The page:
Dr A Fielding
Dr M Urbaniak
Dr R Mort
Dr A Benedetto
No more applications being accepted
Competition Funded PhD Project (European/UK Students Only)
This will be a multidisciplinary PhD project, combing four areas of research expertise, from four group leaders in the department of Biomedical Sciences at The Univertsity of Lancaster. The overaching aim is to combine these areas of cancer cell biology and advanced imaging to enable the dynamics of centrosome amplification to be examined at a population level.
Centrosomes are small, intracellular organelles that nucleate microtubules. During cell division normal cells contain 2 centrosomes, which organise each half of the bipolar mitotic spindle, allowing for successful cell division and proliferation.
Centrosome amplification (CA) is a common feature of cancers and there is currently much attention on the possibility of using CA as a cancer specific therapeutic target (1).
However, a fundamental aspect of centrosome amplification, how amplification occurs and is maintained in a population of cells, has not yet been examined, perhaps because of the technical challenge of tracking centrosome number in cell populations.
Intriguingly, in humans, both tumours and cancer cell lines are heterogeneous for CA, yet in cancer cell lines the degree of CA remains stable over many cell generations (AF lab, unpublished data). These seemingly stable proportions of cells could be maintained in the population via two mechanisms:
1. There are “static”, discrete populations of cells e.g. 65% normal and 35% with amplification, which only give rise to cells of the same level of amplification.
2. CA is “progressive” i.e. new cells with centrosome amplification are being formed continuously in a population, whilst cells with very high levels of centrosome amplification are being lost.
The answer as to which one of these is the case will have profound implications for treatments targeting CA. For example, if only 35% of cells contain CA and this is a discrete, stable population, then treatments targeting CA will only ever be able to target these 35% of cells. If, on the other hand CA is gained progressively, then extended treatments with drugs targeting CA could eliminate a large proportion of the growing tumour cells.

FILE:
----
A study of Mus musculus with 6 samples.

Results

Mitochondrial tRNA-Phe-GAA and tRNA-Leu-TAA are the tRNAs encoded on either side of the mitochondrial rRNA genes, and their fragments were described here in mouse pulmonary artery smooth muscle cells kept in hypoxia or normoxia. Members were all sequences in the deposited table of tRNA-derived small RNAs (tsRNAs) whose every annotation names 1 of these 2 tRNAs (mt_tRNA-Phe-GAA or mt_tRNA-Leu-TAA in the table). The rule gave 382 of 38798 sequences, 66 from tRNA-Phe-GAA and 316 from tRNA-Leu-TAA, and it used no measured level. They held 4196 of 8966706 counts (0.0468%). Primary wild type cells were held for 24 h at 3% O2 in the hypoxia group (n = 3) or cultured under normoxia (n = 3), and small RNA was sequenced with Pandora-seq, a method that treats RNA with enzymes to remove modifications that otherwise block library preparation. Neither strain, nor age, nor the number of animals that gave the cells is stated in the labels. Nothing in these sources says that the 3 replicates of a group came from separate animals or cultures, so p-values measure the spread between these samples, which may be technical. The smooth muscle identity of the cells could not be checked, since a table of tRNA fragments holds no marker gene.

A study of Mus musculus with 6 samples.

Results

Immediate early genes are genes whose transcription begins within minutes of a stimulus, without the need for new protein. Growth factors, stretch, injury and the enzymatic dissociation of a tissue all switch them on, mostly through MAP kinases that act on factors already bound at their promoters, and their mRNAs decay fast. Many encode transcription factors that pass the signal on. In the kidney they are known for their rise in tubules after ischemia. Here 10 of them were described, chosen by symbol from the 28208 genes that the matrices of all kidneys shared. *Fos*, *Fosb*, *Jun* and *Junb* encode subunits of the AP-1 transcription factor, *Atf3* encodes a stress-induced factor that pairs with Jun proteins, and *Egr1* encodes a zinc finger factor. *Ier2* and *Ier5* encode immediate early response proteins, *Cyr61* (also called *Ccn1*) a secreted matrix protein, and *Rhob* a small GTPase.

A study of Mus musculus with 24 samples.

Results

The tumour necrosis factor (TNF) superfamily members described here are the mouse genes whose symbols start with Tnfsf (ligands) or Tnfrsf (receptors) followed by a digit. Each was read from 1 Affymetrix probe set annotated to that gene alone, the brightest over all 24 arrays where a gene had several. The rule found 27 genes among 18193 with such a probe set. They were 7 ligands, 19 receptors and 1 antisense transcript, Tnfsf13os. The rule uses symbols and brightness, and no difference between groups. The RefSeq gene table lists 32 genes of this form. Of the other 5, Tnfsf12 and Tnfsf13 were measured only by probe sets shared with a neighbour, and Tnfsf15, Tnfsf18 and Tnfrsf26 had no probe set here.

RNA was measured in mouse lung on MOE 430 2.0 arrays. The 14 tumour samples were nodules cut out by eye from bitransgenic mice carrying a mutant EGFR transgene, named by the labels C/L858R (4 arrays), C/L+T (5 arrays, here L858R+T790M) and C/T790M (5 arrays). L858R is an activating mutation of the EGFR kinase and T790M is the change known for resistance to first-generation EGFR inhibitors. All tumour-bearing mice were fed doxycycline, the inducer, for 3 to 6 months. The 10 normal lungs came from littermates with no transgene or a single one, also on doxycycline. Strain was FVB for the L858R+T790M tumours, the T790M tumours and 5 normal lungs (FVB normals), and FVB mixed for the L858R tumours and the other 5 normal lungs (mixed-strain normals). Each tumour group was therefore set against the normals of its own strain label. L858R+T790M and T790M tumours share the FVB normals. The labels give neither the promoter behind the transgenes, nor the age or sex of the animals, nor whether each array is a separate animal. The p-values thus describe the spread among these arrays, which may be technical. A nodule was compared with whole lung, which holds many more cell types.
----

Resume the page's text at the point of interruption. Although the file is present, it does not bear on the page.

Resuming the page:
The first main aim of the project will be to address this question. This part of the project will use centrosome and cell cycle “biosensors” in uveal melanoma cells to allow centrosome number to be tracked by live-cell imaging (2). This will be coupled with centrifugal, counter-flow elutriation to allow cell cycle synchronisation (3) and microfluidic plating in microwells (4), to allow us to track individual cells and determine how centrosomes have been inherited.
Once this key question has been answered, the project will turn to the mechanisms behind CA population control. Firstly, RNA-Seq data that the AF lab has recently generated comparing patient matched metastatic cancer cell lines with CA and primary tumour cells without CA will be interrogated to identify key transcriptomic data that could explain how some cells are able to gain and maintain a high degree of CA compared to others. Once a shortlist of likely candidate genes/proteins have been identified, siRNA knockdown or protein overexpression will be used to test if their centrosomal populations can be manipulated using the identified targets. Finally, it will be tested if modifying CA populations can make cancer cells more sensitive to centrosome-declustering therapeutic agents.
To summarise, the main aims are:
1. Test hypothesis that CA occurs “progressively” in populations of cells.
2. To use RNA-Seq data to identify key changes that can account for the occurrence and maintenance of a high degree of centrosome amplification in metatstaic, compared to primary cancer cells.
3. To prove how CA occurs and is maintained in cell populations by testing function of key genes/proteins (using siRNA knockdowns and/or protein overexpression) identified in RNA-Seq data.
We are looking for a highly motivated individual with excellent communication skills, the capacity to work well in a team and the ability to solve problems creatively. Candidates with (or expecting to graduate with) a degree in any related disciple are invited to apply.
Our labs in the Division of Biomedical and Life Sciences are a friendly research environment that strongly supports the individual needs of each postgraduate student. We welcome applications from people in all diversity groups.
Applications should be made directly to Dr Andrew Fielding [Email Address Removed] and should include:
CV (max 2 A4 sides), including details of two academic references
A cover letter outlining their qualifications and interest in the studentship (max 2 A4 sides)
1. Sabat-Pośpiech D, Fabian-Kolpanowicz K, Prior IA, Coulson JM, Fielding AB.
Targeting centrosome amplification, an Achilles' heel of cancer. Biochem Soc
Trans. 2019;47(5):1209-1222. doi: 10.1042/BST20190034.
2. A Cell/Cilia Cycle Biosensor for Single-Cell Kinetics Reveals Persistence of Cilia after G1/S Transition Is a General Property in Cells and Mice.Ford MJ, Yeyati PL, Mali GR, Keighren MA, Waddell SH, Mjoseng HK, Douglas AT, Hall EA, Sakaue-Sawano A, Miyawaki A, Meehan RR, Boulter L, Jackson IJ, Mill P, Mort RL. Dev Cell. 2018; 47(4):509-523.e5. doi:10.1016/j.devcel.2018.10.027.
3. Benz C, Dondelinger F, McKean PG, Urbaniak MD. Cell cycle synchronisation of
Trypanosoma brucei by centrifugal counter-flow elutriation reveals the timing of
nuclear and kinetoplast DNA replication. Sci Rep. 2017;7(1):17599. doi:
4. Benedetto A, Bambade T, Au C, Tullet JMA, Monkhouse J, Dang H, Cetnar K, Chan
B, Cabreiro F, Gems D. New label-free automated survival assays reveal unexpected
stress resistance patterns during C. elegans aging. Aging Cell. 2019;18(5):e12998. doi: 10.1111/acel.12998.